Soldier uses a computer in college.

You can get in. Really.

College admission isn't as competitive as you might think. Fewer than 100 colleges in the U.S. are highly selective, which means they accept less than 25 percent of applicants. Close to 500 four-year colleges accept more than 75 percent of applicants. And open-admission colleges accept all or most high school graduates.

You are more than test scores.

Colleges care most about the work you've done in high school. They look for students who have earned strong grades in challenging courses. They also try to learn about your character by looking at what you do outside the classroom. Take advantage of opportunities like the application essay and college interview to show a more complete picture of who you are.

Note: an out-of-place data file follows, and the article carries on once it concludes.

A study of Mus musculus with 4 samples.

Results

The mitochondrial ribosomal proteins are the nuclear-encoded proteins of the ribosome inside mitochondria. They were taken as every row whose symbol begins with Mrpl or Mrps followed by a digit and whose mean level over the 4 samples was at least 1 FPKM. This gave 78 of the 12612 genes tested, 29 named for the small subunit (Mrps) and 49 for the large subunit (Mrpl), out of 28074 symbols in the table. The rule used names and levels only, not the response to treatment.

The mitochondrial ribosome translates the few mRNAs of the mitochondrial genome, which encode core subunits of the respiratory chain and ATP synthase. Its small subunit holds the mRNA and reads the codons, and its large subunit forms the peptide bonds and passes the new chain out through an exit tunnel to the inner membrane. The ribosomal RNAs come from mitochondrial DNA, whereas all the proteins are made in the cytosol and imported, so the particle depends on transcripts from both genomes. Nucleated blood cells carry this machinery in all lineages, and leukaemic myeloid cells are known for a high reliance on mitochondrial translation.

You are in charge.

This is your big future—you're in the driver's seat. Stay focused on what's important to you and what you want to get out of the college experience. College planning can feel overwhelming at times, but if you take charge and stay focused on your goals, you can make it work for you.

You are unique.

You should base your choice on how well a college fits your needs. Don't worry about how it's ranked on a list or how famous it is. The effort you put in and the opportunities you take advantage of once you get there matter more than the college you go to. Once you graduate from college, your achievements and skills will matter most.

You are not in this alone.

Family, teachers and friends are a great resource. Discuss your plans to go to college with them and ask for help and advice. Make an appointment with a school counselor or your principal to talk about the application process, colleges that will suit you and options for financial aid.